Fewer thongs, more songs

Chilled and relaxed, Tom Jones seems to be liberated by his still relatively new status as a grand old man of gospel and blues, a legend whose voice has aged magnificently, with even more gravel to match his growing gravitas.

Picture: Darragh Kane

Gone is the avalanche of ladies’ undergarments, well mostly; a fan did run up and drop a gift on the stage, but Tom just said: “Leave it there, love, I’ll get to it in a minute.”

While he hasn’t discarded all of his old cabaret charm — there’s a bit of banter about Cork’s fine weather reminding him of Wales — but he has fairly seamlessly added a bank of more reflective, deeper material to his party fare.

Out with the thongs, in with the songs. Freed of the burden of being a sex icon, he now has a cheeky, ironic grin when he belts out a swing version of his monster 1999 hit Sex Bomb to a packed and enthralled Marquee audience. It is the standout classic hit in the first half-hour or so of an epic set.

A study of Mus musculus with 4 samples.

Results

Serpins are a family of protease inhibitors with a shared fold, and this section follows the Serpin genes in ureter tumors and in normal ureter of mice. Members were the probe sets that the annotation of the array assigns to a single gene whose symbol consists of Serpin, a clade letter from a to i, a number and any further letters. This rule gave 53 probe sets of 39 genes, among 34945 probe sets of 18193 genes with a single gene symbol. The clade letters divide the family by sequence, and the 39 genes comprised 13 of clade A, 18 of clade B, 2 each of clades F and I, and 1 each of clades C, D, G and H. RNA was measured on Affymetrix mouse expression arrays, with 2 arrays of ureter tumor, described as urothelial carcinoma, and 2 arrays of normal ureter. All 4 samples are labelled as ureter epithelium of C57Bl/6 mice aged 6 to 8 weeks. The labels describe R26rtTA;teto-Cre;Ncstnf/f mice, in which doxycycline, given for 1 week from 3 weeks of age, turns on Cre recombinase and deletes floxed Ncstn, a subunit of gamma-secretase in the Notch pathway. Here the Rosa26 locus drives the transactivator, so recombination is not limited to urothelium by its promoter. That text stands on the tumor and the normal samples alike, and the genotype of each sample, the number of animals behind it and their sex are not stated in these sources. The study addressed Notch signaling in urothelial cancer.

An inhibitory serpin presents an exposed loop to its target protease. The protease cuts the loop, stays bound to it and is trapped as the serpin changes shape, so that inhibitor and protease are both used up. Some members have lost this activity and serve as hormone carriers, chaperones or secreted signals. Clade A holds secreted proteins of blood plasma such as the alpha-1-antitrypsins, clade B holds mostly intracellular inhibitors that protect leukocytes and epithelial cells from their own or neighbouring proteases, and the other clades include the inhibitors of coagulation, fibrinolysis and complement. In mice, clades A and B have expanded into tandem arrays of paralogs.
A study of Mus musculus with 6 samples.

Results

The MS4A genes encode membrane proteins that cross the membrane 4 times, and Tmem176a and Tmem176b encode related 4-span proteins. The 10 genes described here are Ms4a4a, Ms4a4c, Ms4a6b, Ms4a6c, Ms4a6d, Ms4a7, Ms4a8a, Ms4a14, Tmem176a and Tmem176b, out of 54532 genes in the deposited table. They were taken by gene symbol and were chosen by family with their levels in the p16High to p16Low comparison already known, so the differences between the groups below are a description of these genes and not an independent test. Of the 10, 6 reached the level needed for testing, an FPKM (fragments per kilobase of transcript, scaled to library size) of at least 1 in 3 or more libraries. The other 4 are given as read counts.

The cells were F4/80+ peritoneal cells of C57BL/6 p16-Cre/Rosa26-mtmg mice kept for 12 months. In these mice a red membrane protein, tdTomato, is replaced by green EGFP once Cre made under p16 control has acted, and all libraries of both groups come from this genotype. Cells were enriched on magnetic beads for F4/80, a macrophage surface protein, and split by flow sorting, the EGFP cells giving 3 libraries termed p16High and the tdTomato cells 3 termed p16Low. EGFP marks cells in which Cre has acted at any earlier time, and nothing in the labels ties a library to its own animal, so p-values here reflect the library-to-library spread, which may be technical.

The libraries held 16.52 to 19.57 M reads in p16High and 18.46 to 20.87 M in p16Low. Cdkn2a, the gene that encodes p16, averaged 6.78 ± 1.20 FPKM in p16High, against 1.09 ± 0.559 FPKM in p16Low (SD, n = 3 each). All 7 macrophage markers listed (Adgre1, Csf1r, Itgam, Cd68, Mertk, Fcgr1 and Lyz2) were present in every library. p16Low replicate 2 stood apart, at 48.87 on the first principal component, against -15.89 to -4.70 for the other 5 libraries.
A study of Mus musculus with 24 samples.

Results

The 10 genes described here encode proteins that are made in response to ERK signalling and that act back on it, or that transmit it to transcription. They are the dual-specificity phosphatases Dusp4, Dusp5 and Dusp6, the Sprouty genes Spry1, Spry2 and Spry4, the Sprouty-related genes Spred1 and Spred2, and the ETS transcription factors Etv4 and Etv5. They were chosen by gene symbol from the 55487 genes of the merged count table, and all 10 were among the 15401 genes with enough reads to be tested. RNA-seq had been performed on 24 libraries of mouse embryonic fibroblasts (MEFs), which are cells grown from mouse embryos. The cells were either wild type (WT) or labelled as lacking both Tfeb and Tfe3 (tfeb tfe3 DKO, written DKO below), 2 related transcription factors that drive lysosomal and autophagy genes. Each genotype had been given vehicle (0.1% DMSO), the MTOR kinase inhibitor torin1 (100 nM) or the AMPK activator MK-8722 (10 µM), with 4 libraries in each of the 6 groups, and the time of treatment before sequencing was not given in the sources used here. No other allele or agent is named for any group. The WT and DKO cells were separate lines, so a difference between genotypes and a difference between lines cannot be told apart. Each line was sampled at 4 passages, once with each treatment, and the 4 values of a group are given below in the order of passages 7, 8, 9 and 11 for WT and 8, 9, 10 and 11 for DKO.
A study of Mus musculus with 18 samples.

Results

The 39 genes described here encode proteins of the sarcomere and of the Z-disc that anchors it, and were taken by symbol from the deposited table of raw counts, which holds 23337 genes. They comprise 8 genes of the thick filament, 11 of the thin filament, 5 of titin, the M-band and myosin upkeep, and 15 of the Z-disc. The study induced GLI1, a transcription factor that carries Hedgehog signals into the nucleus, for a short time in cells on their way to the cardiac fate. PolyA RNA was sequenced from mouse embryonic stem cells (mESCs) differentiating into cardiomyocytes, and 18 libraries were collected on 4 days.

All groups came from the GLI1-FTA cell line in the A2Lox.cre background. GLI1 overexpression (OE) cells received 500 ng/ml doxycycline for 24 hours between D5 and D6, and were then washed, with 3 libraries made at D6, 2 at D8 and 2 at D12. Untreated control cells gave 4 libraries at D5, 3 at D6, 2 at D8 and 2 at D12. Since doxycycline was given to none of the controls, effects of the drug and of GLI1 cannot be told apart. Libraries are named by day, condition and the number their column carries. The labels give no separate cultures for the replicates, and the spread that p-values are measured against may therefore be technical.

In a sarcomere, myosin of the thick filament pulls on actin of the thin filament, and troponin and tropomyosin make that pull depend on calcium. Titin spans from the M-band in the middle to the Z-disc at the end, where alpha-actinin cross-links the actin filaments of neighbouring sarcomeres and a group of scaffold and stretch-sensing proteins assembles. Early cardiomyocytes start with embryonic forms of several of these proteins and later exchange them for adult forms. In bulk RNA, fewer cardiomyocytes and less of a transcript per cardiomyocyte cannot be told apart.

Tom is a legend. He has earned the right to roll out his chosen newer material for the first hour. Some of the “new” songs (like the Animals’ Mama Told Me Not To Come, and Hank Williams’ Why Don’t You Love Me?) go back a bit, but are new to Tom; others are just new, like his cover of Tom Waits’ 2011 song Bad As Me — for me, a personal favourite on the night.

The voice is still as powerful as ever. It must be said too that, at 74, Tom looks better than ever; dare we say it, the Welsh Sean Connery. About 40 minutes in, he rolls out rocking re-workings of his 1960s classics Delilah and I’ll Never Love Again. When he returns to his hits for the closing hour, it is to a euphoric response.

Meantime, the core four-piece must be Tom’s best ever backing band, and the reason he’s still living the dream. He raises the roof with his cover of Leonard Cohen’s Tower of Song, but only after the audience sings Happy Birthday — he turned 74 on June 7 he tells us. Then all the classic hits to close. Choose your own favourites; he sang them all; and yes, resistance was futile.